Introduction to Bhutanese culture(s)
“Almost 97% of (Bhutanese) refugees are ethnic Nepalis. The non-Nepalis include the Charchop, Drukpa, Urow, and Khenpga ethnic groups. Nearly all refugees speak Nepali as a first or second language. UNHCR estimates that about 35% of the population has a functional knowledge of English.”
In Kansas, at the end of 2014, Nepali-speaking Bhutanese constituted 24% of the overall refugee settlement population (Catholic Charities of Northeast Kansas, 2015).
This webpage is a more comprehensive version of the backgrounders provided above. It gives more detailed information on relevant information like child rearing practice, post-partum practices, death, traditional medicine, common health concerns, and more.
The Next Door Neighbors series provides profiles of new refugees in the U.S. The 30-minute video description reads: “Through a profile of Nashville’s newest refugees, the Bhutanese, Nashville Public Television shows the process of initial refugee resettlement and the isolation, shock and sacrifice all refugees experience in the first two years of resettlement.”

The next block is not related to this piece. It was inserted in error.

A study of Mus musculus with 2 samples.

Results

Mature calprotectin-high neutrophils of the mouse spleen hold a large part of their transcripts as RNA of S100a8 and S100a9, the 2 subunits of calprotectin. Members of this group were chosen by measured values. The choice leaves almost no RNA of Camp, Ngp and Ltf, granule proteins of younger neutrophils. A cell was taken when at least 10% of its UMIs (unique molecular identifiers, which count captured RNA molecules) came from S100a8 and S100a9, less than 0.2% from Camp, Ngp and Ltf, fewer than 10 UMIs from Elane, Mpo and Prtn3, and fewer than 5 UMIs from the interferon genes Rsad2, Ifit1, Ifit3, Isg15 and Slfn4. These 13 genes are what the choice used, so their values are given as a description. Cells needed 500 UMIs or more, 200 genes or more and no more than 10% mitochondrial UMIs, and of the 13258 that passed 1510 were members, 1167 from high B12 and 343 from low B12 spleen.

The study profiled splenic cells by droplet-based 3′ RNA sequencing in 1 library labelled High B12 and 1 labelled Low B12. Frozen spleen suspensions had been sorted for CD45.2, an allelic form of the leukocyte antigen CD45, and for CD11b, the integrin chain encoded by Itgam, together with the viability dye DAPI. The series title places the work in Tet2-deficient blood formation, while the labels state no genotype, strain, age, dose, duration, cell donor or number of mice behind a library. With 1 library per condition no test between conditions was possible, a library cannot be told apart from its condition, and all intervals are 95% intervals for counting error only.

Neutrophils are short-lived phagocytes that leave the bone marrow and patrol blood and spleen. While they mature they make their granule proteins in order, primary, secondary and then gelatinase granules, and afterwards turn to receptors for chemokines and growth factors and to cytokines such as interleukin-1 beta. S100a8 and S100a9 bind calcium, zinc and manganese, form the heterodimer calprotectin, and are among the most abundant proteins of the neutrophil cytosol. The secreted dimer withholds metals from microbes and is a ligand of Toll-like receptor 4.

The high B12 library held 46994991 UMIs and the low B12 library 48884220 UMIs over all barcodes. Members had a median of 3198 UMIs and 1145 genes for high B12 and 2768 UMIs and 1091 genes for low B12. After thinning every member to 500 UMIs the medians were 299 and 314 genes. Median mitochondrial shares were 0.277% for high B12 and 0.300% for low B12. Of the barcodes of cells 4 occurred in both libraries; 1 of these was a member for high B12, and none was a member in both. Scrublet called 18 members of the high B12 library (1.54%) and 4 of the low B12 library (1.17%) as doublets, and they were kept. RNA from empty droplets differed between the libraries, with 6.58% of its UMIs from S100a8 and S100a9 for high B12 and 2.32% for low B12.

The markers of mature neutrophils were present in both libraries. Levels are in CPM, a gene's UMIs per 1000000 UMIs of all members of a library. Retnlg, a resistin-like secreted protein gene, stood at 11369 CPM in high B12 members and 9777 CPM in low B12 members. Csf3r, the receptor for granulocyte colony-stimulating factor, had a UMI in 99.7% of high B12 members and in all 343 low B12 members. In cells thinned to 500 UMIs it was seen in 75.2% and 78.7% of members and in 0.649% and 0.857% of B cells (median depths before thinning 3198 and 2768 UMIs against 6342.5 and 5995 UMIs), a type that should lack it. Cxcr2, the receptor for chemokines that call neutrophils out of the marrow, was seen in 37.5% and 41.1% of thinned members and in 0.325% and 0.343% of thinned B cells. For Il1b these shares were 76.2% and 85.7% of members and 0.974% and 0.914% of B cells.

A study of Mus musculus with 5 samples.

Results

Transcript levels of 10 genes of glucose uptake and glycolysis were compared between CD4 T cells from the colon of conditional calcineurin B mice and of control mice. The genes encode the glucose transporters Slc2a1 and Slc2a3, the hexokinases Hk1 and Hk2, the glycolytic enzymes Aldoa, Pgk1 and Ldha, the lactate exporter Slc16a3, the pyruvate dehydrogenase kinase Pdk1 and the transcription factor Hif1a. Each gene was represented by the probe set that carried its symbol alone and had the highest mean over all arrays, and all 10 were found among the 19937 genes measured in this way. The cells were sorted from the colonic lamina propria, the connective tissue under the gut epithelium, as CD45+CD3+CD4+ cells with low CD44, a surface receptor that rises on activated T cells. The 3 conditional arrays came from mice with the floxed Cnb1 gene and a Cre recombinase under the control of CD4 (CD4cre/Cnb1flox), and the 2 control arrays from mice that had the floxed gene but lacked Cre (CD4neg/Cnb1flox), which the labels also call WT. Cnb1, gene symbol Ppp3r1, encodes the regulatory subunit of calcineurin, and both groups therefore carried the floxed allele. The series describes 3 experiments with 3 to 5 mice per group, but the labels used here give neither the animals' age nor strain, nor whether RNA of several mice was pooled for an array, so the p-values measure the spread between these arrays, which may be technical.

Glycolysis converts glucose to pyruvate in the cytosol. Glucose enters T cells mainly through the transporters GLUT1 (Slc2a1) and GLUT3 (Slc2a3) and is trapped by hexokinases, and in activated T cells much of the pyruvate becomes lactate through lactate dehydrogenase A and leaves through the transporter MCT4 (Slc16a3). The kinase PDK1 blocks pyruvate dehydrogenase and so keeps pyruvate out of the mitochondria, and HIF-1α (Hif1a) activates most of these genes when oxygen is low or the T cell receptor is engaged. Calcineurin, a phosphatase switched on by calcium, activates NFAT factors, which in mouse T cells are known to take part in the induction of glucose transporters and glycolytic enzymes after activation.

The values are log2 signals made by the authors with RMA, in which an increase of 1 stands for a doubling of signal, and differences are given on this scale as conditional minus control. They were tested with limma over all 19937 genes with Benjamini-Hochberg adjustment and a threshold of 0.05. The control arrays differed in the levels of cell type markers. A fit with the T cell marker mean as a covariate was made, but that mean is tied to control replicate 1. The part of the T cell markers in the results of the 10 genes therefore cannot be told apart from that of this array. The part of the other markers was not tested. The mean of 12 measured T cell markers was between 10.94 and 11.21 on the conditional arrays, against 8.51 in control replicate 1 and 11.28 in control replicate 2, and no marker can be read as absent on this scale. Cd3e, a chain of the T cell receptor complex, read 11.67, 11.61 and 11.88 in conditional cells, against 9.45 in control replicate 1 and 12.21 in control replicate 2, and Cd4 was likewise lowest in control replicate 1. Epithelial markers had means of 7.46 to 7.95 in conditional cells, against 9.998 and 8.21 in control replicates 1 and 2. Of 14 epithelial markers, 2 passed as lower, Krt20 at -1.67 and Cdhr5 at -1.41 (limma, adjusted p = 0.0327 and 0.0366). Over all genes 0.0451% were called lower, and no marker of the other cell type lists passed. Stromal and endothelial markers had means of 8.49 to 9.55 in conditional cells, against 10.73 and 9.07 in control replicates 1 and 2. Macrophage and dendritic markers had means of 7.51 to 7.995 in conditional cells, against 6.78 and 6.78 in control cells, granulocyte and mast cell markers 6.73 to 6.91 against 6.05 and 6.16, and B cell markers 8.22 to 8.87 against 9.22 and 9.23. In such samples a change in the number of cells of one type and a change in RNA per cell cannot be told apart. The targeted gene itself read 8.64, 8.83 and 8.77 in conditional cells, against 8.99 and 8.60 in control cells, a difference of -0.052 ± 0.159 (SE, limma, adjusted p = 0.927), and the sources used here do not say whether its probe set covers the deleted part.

This 2-page supplement to the previous document describes in further detail the caste system that is characteristic of some Nepali-speaking Bhutanese refugees. The piece also considers how adherence to the caste system may affect service providers working with this population.
This webpage describes some of the health concerns that Bhutanese refugees face when they resettle. A brief history is also provided.
This 11-minute YouTube video, Educating Bhutanese Students in Kansas, gives an overview of Bhutanese culture. The video description reads: “Ran Poudel is a Nepali-speaking Bhutanese refugee who works as an interpreter for Catholic Charities in Kansas City. The Bhutanese refugee population is growing steadily in Kansas, especially the northeastern part of the state, as of 2012. Mr. Poudel enlightens viewers with important information about this particular culture, which will serve educators or anyone working with this population very well on how to most effectively interact.”